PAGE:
Inter-island fares in the Canaries are subject to two sorts of subsidy: the discount for residents/large families and a subsidy paid for by the Government under what is called a Public Service Obligation (PSO). However, if you thought that these PSO subsidies meant that the Canaries would enjoy cheaper fares, think again!
This post compares four markets: two from Lanzarote and two between Valencia and the Balearic Islands. Details of the four routes, for the 12 months to November 2013, are shown below.
Table 1 shows the pairs of less busy and busy routes. Note that, although the Valencia routes have a lower demand in each case than the Lanzarote ones, they have twice as many airlines competing on the route. The one way departure figure is the average number of departure per day over the 12 months.
The Valencia flights are run on a fully commercial basis, without any PSO subsidy. The Valencia routes were selected as they have similar characteristics to the Lanzarote ones in terms of distance and demand.
As inter-island fares are used primarily by residents of the Canary Islands, we will focus on residents’ fares
Table 2 shows the lowest fares available on the route and the fares quotes were available within four week of departure, during the last week of January 2014.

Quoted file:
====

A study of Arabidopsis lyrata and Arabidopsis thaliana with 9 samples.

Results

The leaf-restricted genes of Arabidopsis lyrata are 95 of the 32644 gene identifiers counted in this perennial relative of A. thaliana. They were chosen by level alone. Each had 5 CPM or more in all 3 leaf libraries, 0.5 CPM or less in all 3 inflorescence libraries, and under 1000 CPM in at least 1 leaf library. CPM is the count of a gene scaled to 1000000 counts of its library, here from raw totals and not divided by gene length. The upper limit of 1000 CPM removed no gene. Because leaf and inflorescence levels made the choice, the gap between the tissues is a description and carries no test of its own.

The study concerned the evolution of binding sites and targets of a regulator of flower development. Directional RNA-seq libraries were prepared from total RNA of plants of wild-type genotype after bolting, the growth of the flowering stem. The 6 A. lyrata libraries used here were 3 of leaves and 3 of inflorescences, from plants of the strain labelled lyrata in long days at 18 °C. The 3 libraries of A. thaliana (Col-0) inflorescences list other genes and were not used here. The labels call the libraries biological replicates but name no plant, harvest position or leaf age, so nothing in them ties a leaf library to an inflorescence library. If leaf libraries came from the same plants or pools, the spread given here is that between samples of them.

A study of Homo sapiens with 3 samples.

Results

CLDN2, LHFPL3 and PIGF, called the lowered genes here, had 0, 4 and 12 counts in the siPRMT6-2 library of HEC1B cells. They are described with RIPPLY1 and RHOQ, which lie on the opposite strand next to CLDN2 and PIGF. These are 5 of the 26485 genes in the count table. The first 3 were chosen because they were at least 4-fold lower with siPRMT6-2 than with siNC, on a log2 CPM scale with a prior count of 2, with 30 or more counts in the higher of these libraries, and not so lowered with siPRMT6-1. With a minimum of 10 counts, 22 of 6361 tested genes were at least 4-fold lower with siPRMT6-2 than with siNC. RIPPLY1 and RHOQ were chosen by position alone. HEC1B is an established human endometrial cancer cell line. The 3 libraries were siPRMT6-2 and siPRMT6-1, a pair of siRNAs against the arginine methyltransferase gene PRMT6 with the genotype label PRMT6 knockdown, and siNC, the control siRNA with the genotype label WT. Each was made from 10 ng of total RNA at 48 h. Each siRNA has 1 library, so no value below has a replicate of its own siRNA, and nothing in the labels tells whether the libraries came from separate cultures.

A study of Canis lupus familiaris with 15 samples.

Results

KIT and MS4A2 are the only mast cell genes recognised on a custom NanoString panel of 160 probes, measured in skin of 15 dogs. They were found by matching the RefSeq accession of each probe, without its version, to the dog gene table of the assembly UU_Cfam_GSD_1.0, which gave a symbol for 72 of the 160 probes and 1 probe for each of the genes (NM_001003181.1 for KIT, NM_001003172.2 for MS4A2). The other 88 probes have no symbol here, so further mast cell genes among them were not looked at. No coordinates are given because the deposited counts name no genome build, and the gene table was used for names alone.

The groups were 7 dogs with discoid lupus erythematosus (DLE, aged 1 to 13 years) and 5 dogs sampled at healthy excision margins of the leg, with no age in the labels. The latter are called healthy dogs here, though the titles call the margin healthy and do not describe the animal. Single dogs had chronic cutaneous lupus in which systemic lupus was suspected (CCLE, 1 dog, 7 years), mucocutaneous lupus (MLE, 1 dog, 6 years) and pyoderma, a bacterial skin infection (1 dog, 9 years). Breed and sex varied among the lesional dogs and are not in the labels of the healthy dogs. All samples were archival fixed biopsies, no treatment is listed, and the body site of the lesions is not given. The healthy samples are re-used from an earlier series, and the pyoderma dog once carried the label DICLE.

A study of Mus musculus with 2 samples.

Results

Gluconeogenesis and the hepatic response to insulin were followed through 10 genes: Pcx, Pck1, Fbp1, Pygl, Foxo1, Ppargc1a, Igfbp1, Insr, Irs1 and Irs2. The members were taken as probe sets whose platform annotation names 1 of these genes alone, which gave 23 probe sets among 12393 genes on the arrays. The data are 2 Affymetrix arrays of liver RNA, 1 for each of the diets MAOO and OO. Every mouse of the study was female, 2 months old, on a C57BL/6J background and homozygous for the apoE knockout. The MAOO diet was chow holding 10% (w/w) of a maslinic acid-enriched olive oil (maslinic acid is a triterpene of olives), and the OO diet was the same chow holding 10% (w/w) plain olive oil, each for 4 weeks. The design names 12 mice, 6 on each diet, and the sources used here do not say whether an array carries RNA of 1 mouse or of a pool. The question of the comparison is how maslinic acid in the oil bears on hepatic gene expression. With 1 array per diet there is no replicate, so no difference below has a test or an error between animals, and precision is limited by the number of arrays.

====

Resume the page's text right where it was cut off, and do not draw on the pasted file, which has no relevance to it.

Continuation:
Note: prices include all taxes and charges
We can see from table 2 that Ryanair’s 737s, supposedly uneconomic over short routes such as these, is able to charge much lower fares than Canarian operators. Air Europa’s price between Valencia and Palma is similar to Canarian levels but, of course, nobody is obliged to pay the Air Europa fare.
Of course, not everybody is available to book well in advance, so table 3 examines the same routes for more immediate travel, within two weeks of departure.
We see a similar picture as with fares bought further in advance, but the fact remains that travel across to the Balearic islands is 25-40% cheaper than inter-island travel in the Canaries.
Table 4 shows non-residents’ fares which are easily available a few weeks prior to departure. It is worth bearing in mind that on two of the three routes, the non-resident fares are cheaper than those available from Lanzarote and the third, flown by Air Berlin, is only slightly more expensive.
We can draw three conclusions from the above analysis:
– Canarian island residents are paying excessive fares for the air services currently provided;
– The subsidies paid through the PSO may help the airlines, but appear to be of little use to passengers;
– The routes from Lanzarote could be opened up to competition. Passengers would benefit and only the incumbent operators would be hit.